Shinhan Bank CEO Jin Ok-dong

Korean lenders opt not to acquire Cambodian financial outfit

Shinhan Bank is Korea’s largest lender by net profit. When its new CEO Jin Ok-dong took charge of the Seoul-based entity early this year, he promised to remain ahead of the curve.

Toward that end, the 57-year-old stressed two strategies of digital innovation and global expansion at a time when the domestic market hits the saturation mark.

Specifically, Jin picked three crucial markets of Vietnam, Myanmar, and Cambodia. Vietnam is already the bank’s cash cow as it netted $72 million in profit there last year.

To duplicate the success in Cambodia, Shinhan tried to acquire Prasac, the largest financial institution in the country.

Under Jin’s stewardship, Shinhan vied to acquire a 90 percent stake in Prasac, whose total asset amounted to $1.75 billion as of the end of 2017.

And there came its nemesis KB Kookmin Bank, which competes with Shinhan for the market leadership in Korea – KB also hoped to take over the Cambodian financial outfit.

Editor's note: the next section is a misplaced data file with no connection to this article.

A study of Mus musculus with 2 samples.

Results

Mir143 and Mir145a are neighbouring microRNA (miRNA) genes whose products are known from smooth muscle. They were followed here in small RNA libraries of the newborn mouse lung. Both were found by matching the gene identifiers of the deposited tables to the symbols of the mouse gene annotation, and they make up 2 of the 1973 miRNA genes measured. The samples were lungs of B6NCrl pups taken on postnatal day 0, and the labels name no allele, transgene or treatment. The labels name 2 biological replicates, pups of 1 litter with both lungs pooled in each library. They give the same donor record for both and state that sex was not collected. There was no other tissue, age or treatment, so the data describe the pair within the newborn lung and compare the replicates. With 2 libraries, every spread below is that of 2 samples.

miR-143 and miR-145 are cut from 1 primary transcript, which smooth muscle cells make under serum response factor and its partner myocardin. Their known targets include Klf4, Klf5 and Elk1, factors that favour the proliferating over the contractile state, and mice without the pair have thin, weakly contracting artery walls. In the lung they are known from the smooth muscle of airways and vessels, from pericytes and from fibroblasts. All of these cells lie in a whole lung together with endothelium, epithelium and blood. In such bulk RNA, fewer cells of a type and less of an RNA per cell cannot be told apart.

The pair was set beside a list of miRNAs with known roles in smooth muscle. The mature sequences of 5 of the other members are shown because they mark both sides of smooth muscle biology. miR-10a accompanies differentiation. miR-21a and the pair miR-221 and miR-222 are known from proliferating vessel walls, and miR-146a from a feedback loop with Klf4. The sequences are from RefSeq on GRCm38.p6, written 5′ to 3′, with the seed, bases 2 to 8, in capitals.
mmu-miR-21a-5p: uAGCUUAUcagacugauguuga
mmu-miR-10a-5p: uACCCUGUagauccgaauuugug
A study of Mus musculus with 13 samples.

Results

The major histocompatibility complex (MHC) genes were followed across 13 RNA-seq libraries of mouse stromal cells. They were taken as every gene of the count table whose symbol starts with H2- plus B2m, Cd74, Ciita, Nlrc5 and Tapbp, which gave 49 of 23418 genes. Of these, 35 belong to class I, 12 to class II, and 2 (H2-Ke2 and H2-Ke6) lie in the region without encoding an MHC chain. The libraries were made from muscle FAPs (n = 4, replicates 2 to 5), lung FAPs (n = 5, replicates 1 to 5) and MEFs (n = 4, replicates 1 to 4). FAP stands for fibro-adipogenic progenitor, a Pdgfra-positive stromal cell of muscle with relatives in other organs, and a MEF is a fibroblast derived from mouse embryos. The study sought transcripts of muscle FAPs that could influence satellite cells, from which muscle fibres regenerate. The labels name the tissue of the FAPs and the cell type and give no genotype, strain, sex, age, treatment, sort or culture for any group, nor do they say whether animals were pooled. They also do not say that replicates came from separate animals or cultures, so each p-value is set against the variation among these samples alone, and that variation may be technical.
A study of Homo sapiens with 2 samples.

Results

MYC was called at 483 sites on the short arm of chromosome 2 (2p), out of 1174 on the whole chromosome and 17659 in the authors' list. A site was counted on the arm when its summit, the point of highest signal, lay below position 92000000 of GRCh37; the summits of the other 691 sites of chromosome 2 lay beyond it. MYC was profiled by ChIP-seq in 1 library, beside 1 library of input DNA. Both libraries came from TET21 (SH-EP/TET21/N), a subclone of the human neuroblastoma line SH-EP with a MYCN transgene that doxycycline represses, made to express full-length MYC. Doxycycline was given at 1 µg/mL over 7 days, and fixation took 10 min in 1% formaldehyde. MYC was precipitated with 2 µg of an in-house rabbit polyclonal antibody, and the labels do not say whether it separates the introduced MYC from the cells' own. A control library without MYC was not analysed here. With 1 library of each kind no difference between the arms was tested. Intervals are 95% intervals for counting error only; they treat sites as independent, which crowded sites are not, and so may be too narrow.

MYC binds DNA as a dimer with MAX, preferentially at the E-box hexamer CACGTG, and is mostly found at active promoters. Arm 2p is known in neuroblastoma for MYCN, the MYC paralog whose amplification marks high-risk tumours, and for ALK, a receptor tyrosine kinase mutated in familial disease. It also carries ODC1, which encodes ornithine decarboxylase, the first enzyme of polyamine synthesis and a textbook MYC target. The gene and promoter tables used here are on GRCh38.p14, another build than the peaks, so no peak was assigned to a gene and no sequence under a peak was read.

The two-way rivalry prompted Prasac shareholders to raise the price tag of the company to almost $900 million, four times its capital of $229 million, according to observers.

The soaring price appears to prod Shinhan to give up. Kookmin also seems to come up with the same decision.

This is not the first time for a Korean bank to bid for Prasac. In 2016, Woori Bank was selected as a preferred bidder for it, but the deal eventually fell apart because Woori failed to agree with its shareholders.

Shinhan and its head Jin might make the right decision of not overpaying to gobble up Prasac.

After avoiding the winner’s curse, now the question for them is how to strengthen its footing in Southeastern Asian countries. It remains to be seen how Jin will be able to abide by his promise in the fast-growing markets.